Follow Slashdot blog updates by subscribing to our blog RSS feed


Forgot your password?

Slashdot videos: Now with more Slashdot!

  • View

  • Discuss

  • Share

We've improved Slashdot's video section; now you can view our video interviews, product close-ups and site visits with all the usual Slashdot options to comment, share, etc. No more walled garden! It's a work in progress -- we hope you'll check it out (Learn more about the recent updates).


Comment: Re:How do I buy a laptop without preloaded crap? (Score 1) 266

by spitzak (#49096689) Attached to: Lenovo To Wipe Superfish Off PCs

Assuming you want Windows (and not Apple or Linux or BSD or any of a bunch of other suggestions people will make)

From previous statements it sounds like buying the much more expensive "business model" will get this. You may have to do a bulk purchase of dozens of them.

Another suggestion was to buy a system at a Microsoft store. They do have an interest in making Windows not suck.

Comment: Re:Browser Makers Should Get The Message (Score 1) 353

by spitzak (#49081805) Attached to: Ask Slashdot: Most Useful Browser Extensions?

Because they want a reliable way to return to the previous page. If you use the new tab a lot there will be a huge number of history items you would have to back up over to go back to the original page.

I prefer opening the new tab in back, however. I probably want to keep reading the page I clicked.

I seem to remember earlier Android browser having two items on the pop-up, one for a foreground tab and another for a background tab. Either my memory is faulty or this was removed a few years ago.

Comment: Re:What's Unique To Goto? (Score 2) 677

by vadim_t (#49039873) Attached to: Empirical Study On How C Devs Use Goto In Practice Says "Not Harmful"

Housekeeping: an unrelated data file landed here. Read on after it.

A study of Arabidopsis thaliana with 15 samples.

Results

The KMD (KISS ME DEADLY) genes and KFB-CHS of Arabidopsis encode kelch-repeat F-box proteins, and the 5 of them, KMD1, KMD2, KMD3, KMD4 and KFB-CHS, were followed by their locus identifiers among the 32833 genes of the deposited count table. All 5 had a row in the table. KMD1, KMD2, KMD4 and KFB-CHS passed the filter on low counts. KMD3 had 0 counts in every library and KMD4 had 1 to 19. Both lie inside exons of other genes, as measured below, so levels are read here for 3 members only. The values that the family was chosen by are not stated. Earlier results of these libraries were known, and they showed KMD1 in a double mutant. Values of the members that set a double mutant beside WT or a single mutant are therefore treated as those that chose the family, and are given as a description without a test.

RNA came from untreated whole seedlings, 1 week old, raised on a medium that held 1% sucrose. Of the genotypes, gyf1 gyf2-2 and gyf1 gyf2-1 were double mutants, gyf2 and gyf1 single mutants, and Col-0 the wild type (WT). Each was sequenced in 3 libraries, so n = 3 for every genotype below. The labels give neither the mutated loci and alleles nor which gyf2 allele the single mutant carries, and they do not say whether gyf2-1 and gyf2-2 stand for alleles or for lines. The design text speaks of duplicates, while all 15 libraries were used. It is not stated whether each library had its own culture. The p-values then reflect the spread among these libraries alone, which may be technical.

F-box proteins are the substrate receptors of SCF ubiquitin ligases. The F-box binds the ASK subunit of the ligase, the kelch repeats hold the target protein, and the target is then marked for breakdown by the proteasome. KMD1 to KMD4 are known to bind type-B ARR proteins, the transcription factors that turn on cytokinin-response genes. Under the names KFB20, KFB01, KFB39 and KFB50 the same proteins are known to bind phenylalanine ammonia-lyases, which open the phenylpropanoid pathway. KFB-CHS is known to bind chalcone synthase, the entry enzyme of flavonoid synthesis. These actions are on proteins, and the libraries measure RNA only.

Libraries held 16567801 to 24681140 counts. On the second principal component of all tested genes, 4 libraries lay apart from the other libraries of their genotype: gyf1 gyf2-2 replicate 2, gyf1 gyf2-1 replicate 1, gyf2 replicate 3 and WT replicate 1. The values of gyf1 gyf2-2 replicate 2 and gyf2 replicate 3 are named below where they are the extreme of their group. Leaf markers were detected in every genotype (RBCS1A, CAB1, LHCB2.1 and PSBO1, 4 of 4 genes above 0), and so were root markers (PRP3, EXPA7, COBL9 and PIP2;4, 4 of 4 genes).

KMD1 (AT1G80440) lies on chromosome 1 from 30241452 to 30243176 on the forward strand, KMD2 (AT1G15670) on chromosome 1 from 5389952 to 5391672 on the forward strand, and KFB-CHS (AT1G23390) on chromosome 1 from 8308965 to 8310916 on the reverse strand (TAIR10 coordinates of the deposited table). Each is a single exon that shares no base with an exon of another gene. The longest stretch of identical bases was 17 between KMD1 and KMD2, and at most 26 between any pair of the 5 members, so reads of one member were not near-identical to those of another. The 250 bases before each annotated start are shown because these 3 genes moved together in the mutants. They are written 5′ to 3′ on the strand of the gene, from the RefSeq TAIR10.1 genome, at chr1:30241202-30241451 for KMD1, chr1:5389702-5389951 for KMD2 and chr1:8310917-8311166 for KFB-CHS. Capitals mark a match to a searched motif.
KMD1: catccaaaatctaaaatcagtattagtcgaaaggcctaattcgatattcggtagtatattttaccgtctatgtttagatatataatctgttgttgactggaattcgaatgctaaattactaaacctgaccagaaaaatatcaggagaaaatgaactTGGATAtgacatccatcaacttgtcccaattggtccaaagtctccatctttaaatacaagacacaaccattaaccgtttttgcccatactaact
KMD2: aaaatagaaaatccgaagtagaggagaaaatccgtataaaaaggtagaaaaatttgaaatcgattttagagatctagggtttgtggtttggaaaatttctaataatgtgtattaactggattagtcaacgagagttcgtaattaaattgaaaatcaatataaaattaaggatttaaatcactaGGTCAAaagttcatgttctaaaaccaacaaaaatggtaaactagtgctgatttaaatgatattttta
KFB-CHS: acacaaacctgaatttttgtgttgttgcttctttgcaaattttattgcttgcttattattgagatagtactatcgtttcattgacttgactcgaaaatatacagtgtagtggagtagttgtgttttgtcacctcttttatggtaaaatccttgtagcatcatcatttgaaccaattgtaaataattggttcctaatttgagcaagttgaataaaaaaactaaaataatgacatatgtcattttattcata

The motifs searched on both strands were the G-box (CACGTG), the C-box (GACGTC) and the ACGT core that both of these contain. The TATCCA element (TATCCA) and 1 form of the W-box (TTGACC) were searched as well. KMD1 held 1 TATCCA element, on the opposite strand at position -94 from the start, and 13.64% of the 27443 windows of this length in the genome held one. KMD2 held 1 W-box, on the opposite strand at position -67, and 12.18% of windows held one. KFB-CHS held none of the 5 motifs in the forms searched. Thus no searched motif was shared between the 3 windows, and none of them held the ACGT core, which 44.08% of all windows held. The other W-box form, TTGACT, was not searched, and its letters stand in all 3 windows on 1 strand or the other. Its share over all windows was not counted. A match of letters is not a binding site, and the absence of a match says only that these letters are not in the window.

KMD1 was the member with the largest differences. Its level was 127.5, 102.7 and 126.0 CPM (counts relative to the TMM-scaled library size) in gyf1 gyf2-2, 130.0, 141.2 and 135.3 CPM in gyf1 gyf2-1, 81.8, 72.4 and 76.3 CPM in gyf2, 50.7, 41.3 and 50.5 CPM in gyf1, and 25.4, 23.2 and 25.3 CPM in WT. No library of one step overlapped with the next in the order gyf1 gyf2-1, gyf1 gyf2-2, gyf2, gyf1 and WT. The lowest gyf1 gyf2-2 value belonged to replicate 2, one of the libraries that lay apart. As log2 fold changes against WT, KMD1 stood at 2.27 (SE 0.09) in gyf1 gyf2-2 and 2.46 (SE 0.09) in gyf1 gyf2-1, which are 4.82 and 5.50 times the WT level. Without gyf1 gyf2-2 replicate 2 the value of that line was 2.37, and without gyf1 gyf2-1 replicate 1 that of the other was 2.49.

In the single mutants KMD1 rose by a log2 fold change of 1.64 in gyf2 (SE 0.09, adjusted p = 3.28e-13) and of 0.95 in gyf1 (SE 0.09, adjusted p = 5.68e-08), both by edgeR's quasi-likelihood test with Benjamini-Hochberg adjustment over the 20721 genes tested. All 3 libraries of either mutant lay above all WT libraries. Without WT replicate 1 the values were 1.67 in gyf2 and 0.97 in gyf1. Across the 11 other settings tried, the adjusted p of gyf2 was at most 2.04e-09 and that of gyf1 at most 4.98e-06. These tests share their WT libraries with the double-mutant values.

Error handling with multiple instances of allocation.

Eg, something like:

char *buf1 = malloc(...);
if (!buf1) goto abort1;

char *buf2 = malloc(...);
if (!buf1) goto abort2;

char *buf3 = malloc(...);
if (!buf1) goto abort3;



Also, bailing out of multiple nested loops.

Comment: Re:Whatever you're used to seems simple (Score 1) 716

by spitzak (#49032567) Attached to: Is Modern Linux Becoming Too Complex?

That's a nice excuse for /usr/bin but it is not true. /usr was intended to be user-owned directories, and all the commands a user was expected to type would reside in /bin (and .). Early AT&T Unix systems had multiple disks and made "/usr" be the "big" one, since they mistakenly thought that documents and things users worked on would be far larger than the system. Then what happened is the system disk filled up as more and more commands were added, and they needed space to put more commands, and since $PATH meant the "/bin" was not hard-coded in most places so it was easy to search other directories, and the lack of symbolic links or union mounts at the time meant the only way to put something on the /usr disk was to make it a directory under /usr, they added /usr/bin and started populating that. Eventually this also happened with libraries and /usr/lib was added.

Some people then started the excuse that /bin was for "system binaries" as opposed to "user binaries" but the distinction was pretty random. Not only that, /bin eventually filled up with "system binaries" and they had to add /usr/sbin!

Eventually so much stuff was put in /usr that people stopped putting home directories there. A different directory allowed them to be on a different disk than the system which was now about 90% under /usr/bin and /usr/lib. Almost everybody used $HOME rather than any hard-coded values so this was possible to change. First /users was the new directory but this was changed to /home more recently).

Comment: Re:Give me a break (Score 1) 146

by spitzak (#49031835) Attached to: Building the Developer's Dream Keyboard

Actually the behavior of Home/End is one of the few things that still varies between Mac and PC and between various PC apps. Some have them move to the end of the line, some to the end of the document. A few that move to the end of the line move to the end of the document when you press them a second time.

Dreams are free, but you get soaked on the connect time.